To unmask a CIA mole, John Wells must resume his old undercover identity as an al Qaeda jihadi—and hope he can survive it—in this cutting-edge novel from the #1 New York Times-bestselling author.
It is the most dangerous mission of John Wells’s career.
Evidence is mounting that someone high up in the CIA is doing the unthinkable—passing messages to ISIS, alerting them to planned operations. Finding out the mole’s identity without alerting him, however, will be very hard, and to accomplish it, Wells will have to do something he thought he’d left behind forever. He will have to reassume his former identity as an al Qaeda jihadi, get captured, and go undercover to befriend an ISIS prisoner in a secret Bulgarian prison.
Many years before, Wells was the only American agent ever to penetrate al Qaeda, but times have changed drastically. The terrorist organizations have multiplied: gotten bigger, crueler, more ambitious and powerful. Wells knows it may well be his death sentence. But there is no one else.
Edgar-winner Berenson's 11th John Wells novel (after 2016's The Wolves) reinforces his status as one of today's steadiest practitioners of quality spy fiction. The aging but always-ready Wells comes out of a short-lived retirement in North Conway, N.H., where he lives with his two-year-old daughter, to root out the identity of a top CIA official suspected of handing U.S. secrets to ISIS and other terror networks. On orders from U.S. president Vinny Duto (a former CIA colleague) and his longtime handler of sorts, Ellis Shafer, Wells devises a plan to place himself in a Bulgarian prison that's largely populated by terrorists. There, Wells begins his undercover campaign to extract information from top jihadists about who the CIA mole may be, as well as any terrorist plots currently in the works. The action culminates smartly with Wells frantically trying to stop a sarin attack in Paris. Wells is an appealing combination of brains and brawn, and Shafer remains an active behind-the-scenes player who knows how to keep an operation on course.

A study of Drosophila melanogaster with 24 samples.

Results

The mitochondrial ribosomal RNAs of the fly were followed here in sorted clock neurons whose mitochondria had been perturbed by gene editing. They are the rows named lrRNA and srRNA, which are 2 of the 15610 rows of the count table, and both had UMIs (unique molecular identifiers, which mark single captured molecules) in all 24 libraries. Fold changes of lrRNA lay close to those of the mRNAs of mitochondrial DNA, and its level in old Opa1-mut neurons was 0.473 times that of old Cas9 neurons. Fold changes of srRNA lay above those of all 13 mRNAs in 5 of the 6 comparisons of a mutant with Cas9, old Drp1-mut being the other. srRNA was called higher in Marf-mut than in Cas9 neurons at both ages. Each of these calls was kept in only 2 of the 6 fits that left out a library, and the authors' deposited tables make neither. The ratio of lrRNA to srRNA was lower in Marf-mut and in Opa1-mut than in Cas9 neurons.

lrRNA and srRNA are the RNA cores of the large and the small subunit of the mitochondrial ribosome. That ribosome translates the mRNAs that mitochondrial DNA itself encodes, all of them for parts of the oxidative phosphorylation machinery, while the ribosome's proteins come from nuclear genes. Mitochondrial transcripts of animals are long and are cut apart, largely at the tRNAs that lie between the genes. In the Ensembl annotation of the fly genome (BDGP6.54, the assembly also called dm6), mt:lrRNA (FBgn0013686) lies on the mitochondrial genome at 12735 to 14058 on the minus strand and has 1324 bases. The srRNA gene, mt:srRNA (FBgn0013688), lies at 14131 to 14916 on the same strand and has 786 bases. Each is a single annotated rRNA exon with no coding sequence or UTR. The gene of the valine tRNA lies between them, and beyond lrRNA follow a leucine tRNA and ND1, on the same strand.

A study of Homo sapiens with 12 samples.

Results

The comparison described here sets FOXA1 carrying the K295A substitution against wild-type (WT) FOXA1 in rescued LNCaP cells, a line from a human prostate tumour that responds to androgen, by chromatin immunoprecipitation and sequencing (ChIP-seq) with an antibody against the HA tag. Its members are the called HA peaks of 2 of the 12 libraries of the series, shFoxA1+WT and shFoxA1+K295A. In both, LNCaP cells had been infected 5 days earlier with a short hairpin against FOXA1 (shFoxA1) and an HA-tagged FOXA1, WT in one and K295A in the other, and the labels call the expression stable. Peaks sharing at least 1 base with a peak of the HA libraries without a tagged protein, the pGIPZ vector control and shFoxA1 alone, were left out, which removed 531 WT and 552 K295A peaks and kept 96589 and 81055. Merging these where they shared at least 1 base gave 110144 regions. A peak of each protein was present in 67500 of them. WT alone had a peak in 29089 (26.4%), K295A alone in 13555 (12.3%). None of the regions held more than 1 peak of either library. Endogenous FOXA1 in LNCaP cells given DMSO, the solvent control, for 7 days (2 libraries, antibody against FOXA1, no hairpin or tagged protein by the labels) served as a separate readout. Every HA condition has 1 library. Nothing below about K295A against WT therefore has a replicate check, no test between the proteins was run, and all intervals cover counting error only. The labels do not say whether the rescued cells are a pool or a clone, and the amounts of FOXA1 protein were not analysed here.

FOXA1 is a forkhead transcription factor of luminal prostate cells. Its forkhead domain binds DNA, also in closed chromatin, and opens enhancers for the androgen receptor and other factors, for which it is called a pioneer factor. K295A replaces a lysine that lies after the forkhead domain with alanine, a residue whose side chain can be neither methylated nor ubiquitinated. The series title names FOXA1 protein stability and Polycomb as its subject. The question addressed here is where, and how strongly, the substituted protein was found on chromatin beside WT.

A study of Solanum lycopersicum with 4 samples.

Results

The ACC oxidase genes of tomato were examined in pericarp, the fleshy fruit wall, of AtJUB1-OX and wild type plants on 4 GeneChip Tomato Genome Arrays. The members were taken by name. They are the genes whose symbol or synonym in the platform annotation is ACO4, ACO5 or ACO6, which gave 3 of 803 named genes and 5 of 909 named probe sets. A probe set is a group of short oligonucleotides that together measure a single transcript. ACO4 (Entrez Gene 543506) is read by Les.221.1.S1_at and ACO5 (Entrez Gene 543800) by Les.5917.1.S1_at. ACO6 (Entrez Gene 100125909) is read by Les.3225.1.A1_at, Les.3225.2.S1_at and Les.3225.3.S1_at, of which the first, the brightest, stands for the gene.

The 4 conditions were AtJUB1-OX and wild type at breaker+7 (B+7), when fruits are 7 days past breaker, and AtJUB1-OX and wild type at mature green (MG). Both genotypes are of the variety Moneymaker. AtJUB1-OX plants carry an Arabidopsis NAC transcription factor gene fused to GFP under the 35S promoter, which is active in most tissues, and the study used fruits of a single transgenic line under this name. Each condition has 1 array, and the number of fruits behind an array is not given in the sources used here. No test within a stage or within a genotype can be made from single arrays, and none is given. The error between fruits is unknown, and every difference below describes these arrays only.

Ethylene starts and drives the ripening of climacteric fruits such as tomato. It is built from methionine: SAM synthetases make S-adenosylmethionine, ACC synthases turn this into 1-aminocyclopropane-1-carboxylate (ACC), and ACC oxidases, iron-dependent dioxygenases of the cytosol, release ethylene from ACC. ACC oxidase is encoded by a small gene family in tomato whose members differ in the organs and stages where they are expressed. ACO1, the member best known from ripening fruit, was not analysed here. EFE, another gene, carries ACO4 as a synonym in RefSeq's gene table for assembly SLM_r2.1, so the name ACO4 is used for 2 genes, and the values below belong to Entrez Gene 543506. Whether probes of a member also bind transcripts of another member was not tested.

John Wells is almost real! No super hero but a believable character that the reader cares about. Couple that with great plots and you have a series that never disappoints! The "Prisoner" is one of Mr. Berenson's best.
Sadly, suggest you skip this book, all the mini stories never really connect. Also, too much side material, which jerks you off the story, is inserted throughout the book.